As I picked up my complimentary advance readers’ copy of Jerry Jenkin’s new book, The Breakthrough, I reached in a basket and took out a bookmark. It turned out that picking up the bookmark was a waste of time. I read the book without stopping.
Every book I read by Jerry Jenkins reminds me that he is a writer at the top of his craft. The Breakthrough polishes that reputation to an even higher sheen.
The story revolves around Boone Drake, a bureau chief in the Chicago Police Department. His wife sustains a serious head injury in a freak accident at the same time kidnappers steal his 5-year-old adopted son. The events produce emotional, physical, and spiritual crises that keep him uncertain about where to be or what to do. His pastor, friends, and coworkers rally to discover the facts surrounding the kidnapping, care for his wife in the hospital, and uphold him in his faith.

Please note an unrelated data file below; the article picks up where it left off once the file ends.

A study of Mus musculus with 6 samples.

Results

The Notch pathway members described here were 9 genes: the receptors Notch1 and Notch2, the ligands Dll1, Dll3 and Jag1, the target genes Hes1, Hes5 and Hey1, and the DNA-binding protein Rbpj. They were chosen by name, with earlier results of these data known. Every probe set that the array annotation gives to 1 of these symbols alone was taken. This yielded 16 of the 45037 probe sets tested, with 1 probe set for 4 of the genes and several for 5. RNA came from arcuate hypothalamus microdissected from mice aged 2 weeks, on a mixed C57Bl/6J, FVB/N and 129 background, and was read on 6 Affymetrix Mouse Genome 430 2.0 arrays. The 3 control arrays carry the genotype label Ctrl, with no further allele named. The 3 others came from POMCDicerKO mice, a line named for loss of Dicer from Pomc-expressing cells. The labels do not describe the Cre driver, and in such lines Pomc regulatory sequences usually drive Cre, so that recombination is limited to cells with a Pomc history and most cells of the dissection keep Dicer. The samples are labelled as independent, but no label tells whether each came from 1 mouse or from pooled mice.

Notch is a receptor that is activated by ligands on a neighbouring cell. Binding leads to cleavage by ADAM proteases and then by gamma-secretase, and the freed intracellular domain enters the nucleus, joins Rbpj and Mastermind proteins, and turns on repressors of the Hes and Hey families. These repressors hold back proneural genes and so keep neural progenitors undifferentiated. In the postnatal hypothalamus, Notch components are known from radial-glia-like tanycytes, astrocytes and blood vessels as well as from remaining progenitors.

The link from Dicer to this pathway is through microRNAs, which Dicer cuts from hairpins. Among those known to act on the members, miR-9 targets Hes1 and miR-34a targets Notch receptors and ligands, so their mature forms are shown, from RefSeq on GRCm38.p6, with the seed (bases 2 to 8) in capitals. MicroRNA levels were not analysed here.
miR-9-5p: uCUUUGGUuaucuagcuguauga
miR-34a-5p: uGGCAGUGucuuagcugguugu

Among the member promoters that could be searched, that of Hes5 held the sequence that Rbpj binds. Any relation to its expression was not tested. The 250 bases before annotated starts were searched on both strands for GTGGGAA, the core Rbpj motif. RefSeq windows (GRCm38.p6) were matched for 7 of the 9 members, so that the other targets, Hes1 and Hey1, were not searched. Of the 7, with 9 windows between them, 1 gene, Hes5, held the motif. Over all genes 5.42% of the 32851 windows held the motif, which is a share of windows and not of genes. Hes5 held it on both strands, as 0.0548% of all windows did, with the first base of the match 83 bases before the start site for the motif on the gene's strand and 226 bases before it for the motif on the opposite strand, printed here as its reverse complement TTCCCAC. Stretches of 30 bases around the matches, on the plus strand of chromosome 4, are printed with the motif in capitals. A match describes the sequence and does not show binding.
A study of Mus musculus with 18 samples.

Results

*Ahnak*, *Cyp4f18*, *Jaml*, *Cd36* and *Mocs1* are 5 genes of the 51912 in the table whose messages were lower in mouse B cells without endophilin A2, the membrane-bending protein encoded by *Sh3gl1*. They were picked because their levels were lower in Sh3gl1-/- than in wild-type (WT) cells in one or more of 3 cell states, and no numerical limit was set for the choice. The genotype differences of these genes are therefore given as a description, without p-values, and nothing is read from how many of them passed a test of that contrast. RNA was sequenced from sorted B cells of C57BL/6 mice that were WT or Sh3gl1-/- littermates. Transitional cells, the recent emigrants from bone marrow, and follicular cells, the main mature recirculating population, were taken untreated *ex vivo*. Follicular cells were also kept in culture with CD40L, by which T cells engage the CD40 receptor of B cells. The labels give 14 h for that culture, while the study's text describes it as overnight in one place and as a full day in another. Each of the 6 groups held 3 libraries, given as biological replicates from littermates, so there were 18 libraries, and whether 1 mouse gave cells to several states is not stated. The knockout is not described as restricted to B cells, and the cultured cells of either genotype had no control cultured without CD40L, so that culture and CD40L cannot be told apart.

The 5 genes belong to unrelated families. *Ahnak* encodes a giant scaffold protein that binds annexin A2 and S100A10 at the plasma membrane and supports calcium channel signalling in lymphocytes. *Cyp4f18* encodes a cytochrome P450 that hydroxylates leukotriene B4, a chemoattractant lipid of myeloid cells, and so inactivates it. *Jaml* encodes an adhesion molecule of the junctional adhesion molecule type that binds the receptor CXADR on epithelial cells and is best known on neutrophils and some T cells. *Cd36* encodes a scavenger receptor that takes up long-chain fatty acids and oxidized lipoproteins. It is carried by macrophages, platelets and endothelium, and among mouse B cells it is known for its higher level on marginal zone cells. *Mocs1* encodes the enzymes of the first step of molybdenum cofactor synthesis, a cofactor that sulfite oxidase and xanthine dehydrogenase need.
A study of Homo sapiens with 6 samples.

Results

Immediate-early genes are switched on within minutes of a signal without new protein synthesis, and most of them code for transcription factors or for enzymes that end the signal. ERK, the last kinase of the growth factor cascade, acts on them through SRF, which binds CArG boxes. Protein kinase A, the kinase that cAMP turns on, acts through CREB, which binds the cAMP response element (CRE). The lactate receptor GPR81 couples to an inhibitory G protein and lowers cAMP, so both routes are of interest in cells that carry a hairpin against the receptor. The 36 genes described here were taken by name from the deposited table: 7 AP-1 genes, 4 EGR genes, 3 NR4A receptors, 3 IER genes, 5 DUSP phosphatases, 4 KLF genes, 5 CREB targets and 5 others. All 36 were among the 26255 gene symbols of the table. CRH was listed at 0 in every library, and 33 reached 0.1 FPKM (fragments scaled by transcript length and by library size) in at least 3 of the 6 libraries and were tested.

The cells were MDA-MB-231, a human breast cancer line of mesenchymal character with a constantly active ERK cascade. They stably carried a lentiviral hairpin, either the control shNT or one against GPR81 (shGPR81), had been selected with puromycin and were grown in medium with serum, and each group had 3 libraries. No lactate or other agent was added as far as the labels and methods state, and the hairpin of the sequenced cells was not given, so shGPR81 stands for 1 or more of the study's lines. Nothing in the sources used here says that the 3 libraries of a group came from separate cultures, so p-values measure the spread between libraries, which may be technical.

The action is nonstop, the plot twists more times than a mountain road, and the characters are complex and believable. Without preaching, Mr. Jenkins shows us how intense trials in a Christian’s life can prove his trust in God. Prove it not to God – He already knows – but to himself and to those in his community. Mr. Jenkins also shows us that even good friends can fail us and that forgiveness can heal that breach of trust.
Madelein l’Engle in Walking on Water expresses my emotions when I finished The Breakthrough. She states, “We don’t want to feel less when we have finished reading a book; we want to feel that new possibilities of being have opened up to us. We don’t want to close a book with a sense that life is totally unfair and that there is no light in the darkness; we want to feel that we have been given illumination.” That’s it. I felt illuminated and strengthened to face my own trials when I finished Mr. Jenkin’s latest book. See what I mean when The Breakthrough becomes available in bookstores (September 2012).